A little less than 13,000 years ago, as the world was starting to leave the last ice age, it experienced a sudden sharp cooling, leading to the extinction of many large mammals. The theory of an asteroid impact has sparked one of those particularly heated scientific debates. Two new papers published this month tip the scales a little in the theory’s favor.
The Younger Dryas period, which started 12,800 years ago and ran for 1,400 years, got its name from the spread of subarctic flowers to lower latitudes. It's one of the most dramatic events humanity has experienced making scientists very interested in how and why it happened.
Since 2006 evidence has been proposed it was caused by an asteroid, albeit one much smaller than the dino-killer. This Younger Dryas Impact Hypothesis (YDIH) has been criticized primarily because we would expect such a recent event to have left a highly visible impact crater, but key pieces of evidence in its favor have also been heavily disputed. Earlier this month a paper in Paleontologia Africana addressed one problem with the theory: the lack of supporting evidence outside North America. Now Scientific Reports has published several more lines of evidence.
The inspiration behind the YDIH comes from high levels of platinum found at several North American sites whose formation coincided with the sharp chill. Like iridium, platinum is much more common in asteroids than the Earth’s crust.
In the Paleontologia Africana paper, Professor Francis Thackeray of the University of Witswatersrand reported a peat deposit near Pretoria also has a platinum spike at the time the Younger Dryas began. "Our evidence is entirely consistent with the Younger Dryas Impact Hypothesis," Thackeray said in a statement. Species of buffalo, wildebeest, and zebra all disappeared from Africa around the Younger Dryas period, although their demise has not been as precisely linked to the cooling as their counterparts on other continents.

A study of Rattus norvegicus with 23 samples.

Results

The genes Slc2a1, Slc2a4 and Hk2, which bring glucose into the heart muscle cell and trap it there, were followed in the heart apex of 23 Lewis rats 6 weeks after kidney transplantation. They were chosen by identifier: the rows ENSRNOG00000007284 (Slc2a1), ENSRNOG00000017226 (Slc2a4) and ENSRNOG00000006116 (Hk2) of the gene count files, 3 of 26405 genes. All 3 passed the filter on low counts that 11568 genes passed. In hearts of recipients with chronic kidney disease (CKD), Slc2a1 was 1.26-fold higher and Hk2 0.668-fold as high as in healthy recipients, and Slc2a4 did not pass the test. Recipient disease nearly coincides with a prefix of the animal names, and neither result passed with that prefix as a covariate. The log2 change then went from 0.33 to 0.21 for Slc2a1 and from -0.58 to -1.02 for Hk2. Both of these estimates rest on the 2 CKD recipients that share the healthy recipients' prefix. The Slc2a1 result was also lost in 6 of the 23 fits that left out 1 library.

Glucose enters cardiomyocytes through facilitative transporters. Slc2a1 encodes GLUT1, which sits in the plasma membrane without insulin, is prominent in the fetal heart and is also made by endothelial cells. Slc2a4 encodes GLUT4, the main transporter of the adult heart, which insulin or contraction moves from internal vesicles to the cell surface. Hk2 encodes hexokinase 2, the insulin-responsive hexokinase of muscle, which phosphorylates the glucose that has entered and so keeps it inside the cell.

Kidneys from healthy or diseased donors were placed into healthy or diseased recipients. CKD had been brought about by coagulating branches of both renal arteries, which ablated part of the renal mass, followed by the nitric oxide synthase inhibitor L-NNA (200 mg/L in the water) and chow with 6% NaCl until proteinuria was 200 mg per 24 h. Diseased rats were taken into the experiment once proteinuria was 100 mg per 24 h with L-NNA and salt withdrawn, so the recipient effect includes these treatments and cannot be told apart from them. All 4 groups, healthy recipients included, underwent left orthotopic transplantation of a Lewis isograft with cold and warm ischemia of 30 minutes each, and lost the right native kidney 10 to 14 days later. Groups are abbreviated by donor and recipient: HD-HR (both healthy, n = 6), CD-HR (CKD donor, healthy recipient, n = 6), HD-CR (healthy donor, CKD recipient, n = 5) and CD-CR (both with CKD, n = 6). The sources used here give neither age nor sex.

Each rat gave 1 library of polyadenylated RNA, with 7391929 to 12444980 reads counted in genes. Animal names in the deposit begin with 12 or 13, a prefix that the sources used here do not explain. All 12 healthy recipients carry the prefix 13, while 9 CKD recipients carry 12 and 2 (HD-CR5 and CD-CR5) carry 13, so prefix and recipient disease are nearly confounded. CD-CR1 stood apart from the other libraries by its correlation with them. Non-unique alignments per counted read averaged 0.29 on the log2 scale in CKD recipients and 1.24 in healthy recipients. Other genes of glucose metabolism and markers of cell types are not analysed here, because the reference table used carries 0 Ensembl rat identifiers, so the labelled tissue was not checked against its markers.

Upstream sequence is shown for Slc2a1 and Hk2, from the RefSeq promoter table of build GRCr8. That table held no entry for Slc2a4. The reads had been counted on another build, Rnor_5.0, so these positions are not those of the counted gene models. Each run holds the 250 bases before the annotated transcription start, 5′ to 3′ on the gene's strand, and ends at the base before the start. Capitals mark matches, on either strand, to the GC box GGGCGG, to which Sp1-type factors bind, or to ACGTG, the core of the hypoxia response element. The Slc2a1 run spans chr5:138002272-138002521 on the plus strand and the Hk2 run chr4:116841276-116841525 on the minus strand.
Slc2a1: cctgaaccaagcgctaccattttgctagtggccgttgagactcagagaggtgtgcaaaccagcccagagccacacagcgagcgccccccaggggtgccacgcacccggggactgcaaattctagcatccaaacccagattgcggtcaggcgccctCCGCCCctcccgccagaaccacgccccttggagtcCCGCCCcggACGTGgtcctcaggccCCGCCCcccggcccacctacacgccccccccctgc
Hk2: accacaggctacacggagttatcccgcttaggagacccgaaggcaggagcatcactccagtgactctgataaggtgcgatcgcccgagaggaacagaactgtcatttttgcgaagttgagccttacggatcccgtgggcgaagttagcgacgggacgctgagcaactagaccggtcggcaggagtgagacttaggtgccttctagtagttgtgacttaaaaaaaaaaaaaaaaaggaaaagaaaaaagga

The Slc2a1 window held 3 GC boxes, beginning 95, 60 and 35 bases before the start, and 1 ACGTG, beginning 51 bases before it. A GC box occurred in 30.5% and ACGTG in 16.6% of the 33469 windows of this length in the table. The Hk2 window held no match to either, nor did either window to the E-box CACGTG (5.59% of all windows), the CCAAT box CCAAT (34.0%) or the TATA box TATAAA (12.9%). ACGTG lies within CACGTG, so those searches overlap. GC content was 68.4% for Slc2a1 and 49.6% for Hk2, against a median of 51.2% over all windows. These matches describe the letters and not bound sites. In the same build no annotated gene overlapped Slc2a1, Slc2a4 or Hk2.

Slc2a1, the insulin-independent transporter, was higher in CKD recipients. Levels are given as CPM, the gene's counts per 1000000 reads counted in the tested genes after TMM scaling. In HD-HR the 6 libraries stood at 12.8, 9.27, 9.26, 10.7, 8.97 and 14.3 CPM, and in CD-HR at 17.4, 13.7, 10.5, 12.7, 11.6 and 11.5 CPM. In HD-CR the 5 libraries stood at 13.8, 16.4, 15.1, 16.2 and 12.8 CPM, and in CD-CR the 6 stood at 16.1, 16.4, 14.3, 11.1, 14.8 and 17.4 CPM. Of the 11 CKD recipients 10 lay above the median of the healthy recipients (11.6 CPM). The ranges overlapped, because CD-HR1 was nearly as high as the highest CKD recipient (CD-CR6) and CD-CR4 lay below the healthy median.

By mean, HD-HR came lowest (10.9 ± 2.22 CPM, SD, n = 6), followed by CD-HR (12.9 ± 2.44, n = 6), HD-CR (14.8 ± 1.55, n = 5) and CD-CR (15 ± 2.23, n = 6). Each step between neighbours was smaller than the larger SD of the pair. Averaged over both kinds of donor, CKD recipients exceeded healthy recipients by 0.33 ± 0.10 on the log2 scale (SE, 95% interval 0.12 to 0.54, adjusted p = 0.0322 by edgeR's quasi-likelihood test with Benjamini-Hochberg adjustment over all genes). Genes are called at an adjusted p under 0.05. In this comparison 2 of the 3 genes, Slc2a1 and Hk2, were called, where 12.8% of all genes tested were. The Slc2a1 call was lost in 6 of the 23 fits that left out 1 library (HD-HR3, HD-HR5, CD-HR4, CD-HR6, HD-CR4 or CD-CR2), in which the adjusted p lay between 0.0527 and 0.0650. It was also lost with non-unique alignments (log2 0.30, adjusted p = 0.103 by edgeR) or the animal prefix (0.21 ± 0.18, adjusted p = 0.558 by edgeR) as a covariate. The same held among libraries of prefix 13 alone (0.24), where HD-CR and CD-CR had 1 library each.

Besides adding White Pond, South Carolina, to the places with suspiciously timed platinum spikes the sediment core described in Scientific Reports also has an unusual amount of soot deposited at the same point, followed by a decrease in fungi associated with herbivore dung.
Something set local forests ablaze, and then halved the large herbivore population.
“We speculate that the impact contributed to the extinction, but it wasn't the only cause. Overhunting by humans almost certainly contributed, too, as did climate change,” Dr Christopher Moore of the University of Southern Carolina said in a statement.
YDIH supporters have addressed the key objection, the lack of an impact crater, in two ways. The first is by proposing a crater under Greenland's Hiawatha Glacier was responsible. At 31 kilometers (19 miles) wide it is certainly large enough, but the timing of its creation is very uncertain, ranging from 2.6 million to 11,700 years ago, a gap into which the Younger Dryas only just sneaks in.
The second proposal is that the asteroid was actually a “rubble pile” of smaller objects, none of which were large enough to create a major crater, but collectively sufficient to both cool the planet and distribute platinum widely. The finding of platinum in South Africa, like a recent one in South America, adds to the credibility of this version of the theory.
The YDIH’s main competing theory proposes an enormous flood of fresh water left North America and shut down the Gulf Stream. The water is thought to have been glacier runoff, released suddenly when a dam broke. Without the Gulf Stream’s tropical waters, temperatures in Northern Europe plunged enough for ice sheets to return, reflecting more light back into space and therefore cooling the whole planet, rather than just one region.